It seems people aren’t rushing back to their normal routines because they know the fight to stop the spread of coronavirus is far from over.

HOUSTON — No more stay-at-home orders mean people are allowed to go back to doing some of their normal things like eating at their favorite restaurants.

For Katie and her family, it was some fun in the sun.

For Shawn, it’s been all about heading to work.

After Texas’ stay-at-home order expired, folks found ways to spend their day.

Some people wanted to be near the water.

Christine went fishing while Ingrid and her family hit the beach.

Others rushed to their favorite restaurants to eat after businesses reopened.

It was just another day for many who continue to work through this new normal.

Healthcare workers like Tamatha took a break from caring for patients to share this picture.

While others like Michael busted a move as a way to regroup.

However, the majority of people felt safest at home watching TV or hanging out in the backyard.

Amber kissed her kids who enjoyed the love and attention.

Rocio celebrated her son’s 8th birthday.

It seems people aren’t rushing back to their normal routines because they know the fight to stop the spread of coronavirus is far from over.


The symptoms of coronavirus can be similar to the flu or a bad cold. Symptoms include a fever, cough and shortness of breath, according to the Centers for Disease Control. Some patients also have nausea, body aches, headaches and stomach issues. Losing your sense of taste and/or smell can also be an early warning sign.

Most healthy people will have mild symptoms. A study of more than 72,000 patients by the Centers for Disease Control in China showed 80 percent of the cases there were mild.

But infections can cause pneumonia, severe acute respiratory syndrome, kidney failure and even death, according to the World Health Organization. Older people with underlying health conditions are most at risk for becoming seriously ill. However, U.S. experts are seeing a significant number of younger people being hospitalized, including some in ICU.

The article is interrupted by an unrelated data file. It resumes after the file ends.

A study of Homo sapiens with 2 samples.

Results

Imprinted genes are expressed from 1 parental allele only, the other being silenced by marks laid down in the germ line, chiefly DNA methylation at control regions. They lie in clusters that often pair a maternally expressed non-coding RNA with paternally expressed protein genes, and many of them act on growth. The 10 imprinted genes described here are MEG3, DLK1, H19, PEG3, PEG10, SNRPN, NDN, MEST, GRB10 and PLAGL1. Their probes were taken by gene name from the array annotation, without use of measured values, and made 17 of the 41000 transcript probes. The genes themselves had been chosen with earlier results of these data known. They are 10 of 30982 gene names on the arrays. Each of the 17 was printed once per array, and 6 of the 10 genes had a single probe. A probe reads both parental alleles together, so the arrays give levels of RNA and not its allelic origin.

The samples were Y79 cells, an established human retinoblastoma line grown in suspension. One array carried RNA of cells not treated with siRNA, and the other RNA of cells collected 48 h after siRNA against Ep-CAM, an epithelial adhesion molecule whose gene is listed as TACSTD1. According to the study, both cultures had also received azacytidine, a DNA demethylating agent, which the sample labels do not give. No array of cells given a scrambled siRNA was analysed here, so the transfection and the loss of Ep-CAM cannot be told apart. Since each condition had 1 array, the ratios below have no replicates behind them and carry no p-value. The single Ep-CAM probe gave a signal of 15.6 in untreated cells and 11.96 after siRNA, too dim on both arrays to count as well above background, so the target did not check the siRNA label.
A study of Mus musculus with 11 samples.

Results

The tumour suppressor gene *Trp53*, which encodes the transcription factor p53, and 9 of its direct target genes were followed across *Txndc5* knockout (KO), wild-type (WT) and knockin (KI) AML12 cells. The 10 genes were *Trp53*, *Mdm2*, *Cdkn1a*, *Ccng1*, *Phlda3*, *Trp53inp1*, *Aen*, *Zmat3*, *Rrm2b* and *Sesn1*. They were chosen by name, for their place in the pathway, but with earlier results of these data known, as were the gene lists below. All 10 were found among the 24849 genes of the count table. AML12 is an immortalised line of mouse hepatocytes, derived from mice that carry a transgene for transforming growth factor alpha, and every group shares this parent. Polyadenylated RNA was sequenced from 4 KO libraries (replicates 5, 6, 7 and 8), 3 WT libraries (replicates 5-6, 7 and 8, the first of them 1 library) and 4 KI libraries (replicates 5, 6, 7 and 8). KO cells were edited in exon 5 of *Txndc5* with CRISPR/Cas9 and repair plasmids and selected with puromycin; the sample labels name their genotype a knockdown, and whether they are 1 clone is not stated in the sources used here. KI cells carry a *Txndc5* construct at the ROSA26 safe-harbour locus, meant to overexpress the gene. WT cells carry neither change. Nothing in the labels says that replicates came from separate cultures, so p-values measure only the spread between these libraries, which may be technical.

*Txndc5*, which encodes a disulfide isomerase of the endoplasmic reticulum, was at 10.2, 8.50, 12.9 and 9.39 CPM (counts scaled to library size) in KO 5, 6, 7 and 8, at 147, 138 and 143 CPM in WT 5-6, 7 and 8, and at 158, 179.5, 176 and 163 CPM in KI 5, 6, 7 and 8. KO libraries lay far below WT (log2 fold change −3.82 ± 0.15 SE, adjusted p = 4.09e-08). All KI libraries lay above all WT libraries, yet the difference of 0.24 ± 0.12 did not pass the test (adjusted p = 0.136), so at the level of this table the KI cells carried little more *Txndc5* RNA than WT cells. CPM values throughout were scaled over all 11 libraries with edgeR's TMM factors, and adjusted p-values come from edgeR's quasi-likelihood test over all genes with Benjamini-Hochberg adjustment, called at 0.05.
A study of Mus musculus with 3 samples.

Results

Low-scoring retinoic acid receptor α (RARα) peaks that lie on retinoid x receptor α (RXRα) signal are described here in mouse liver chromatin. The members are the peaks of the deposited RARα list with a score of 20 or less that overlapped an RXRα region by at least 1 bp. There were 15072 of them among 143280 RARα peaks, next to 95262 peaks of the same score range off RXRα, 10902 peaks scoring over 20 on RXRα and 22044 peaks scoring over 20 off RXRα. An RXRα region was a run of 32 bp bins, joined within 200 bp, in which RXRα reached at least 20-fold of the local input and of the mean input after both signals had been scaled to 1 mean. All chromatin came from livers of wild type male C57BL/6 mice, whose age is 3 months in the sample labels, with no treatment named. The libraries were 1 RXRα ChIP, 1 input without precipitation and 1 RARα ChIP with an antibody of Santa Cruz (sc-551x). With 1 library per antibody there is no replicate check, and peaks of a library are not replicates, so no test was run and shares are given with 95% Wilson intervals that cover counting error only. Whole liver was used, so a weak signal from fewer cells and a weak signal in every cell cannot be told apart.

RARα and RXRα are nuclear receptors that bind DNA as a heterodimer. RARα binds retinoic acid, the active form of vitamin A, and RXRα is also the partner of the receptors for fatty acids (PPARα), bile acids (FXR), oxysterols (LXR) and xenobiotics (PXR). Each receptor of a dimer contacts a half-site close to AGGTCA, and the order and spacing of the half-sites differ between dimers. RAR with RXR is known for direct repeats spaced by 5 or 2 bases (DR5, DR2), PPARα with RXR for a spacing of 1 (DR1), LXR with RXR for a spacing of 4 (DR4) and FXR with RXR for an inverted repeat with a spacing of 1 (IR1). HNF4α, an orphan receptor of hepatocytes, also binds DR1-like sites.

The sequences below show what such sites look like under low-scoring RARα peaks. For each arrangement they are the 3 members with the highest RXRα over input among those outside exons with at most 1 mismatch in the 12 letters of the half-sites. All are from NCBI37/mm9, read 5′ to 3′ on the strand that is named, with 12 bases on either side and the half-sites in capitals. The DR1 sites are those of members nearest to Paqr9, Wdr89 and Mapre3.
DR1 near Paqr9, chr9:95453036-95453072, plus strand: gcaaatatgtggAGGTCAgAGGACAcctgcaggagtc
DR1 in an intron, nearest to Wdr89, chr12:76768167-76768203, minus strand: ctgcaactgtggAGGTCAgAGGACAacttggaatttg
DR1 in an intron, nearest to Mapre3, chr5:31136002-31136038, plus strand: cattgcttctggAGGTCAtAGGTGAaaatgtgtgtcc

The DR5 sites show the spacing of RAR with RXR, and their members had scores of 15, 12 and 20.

The CDC believes symptoms may appear anywhere from two to 14 days after being exposed.

Human coronaviruses are usually spread through...

  • The air by coughing or sneezing
  • Close personal contact, such as touching or shaking hands
  • Touching an object or surface with the virus on it, then touching your mouth, nose or eyes before washing your hands.

Help stop the spread of coronavirus

  • Stay home when you are sick.
  • Eat and sleep separately from your family members
  • Use different utensils and dishes
  • Cover your cough or sneeze with your arm, not your hand.
  • If you use a tissue, throw it in the trash.
  • Follow social distancing

Lower your risk

  • Wash your hands often with soap and water for at least 20 seconds. If soap and water are not available, use an alcohol-based hand sanitizer.
  • Avoid touching your eyes, nose, and mouth with unwashed hands.
  • Avoid close contact with people who are sick.
  • Clean and disinfect frequently touched objects and surfaces.
  • If you are 60 or over and have an underlying health condition such as cardiovascular disease, diabetes or respiratory illnesses like asthma or COPD, the World Health Organization advises you to try to avoid crowds or places where you might interact with people who are sick.

Get complete coverage of the coronavirus by texting 'FACTS' to 713-526-1111.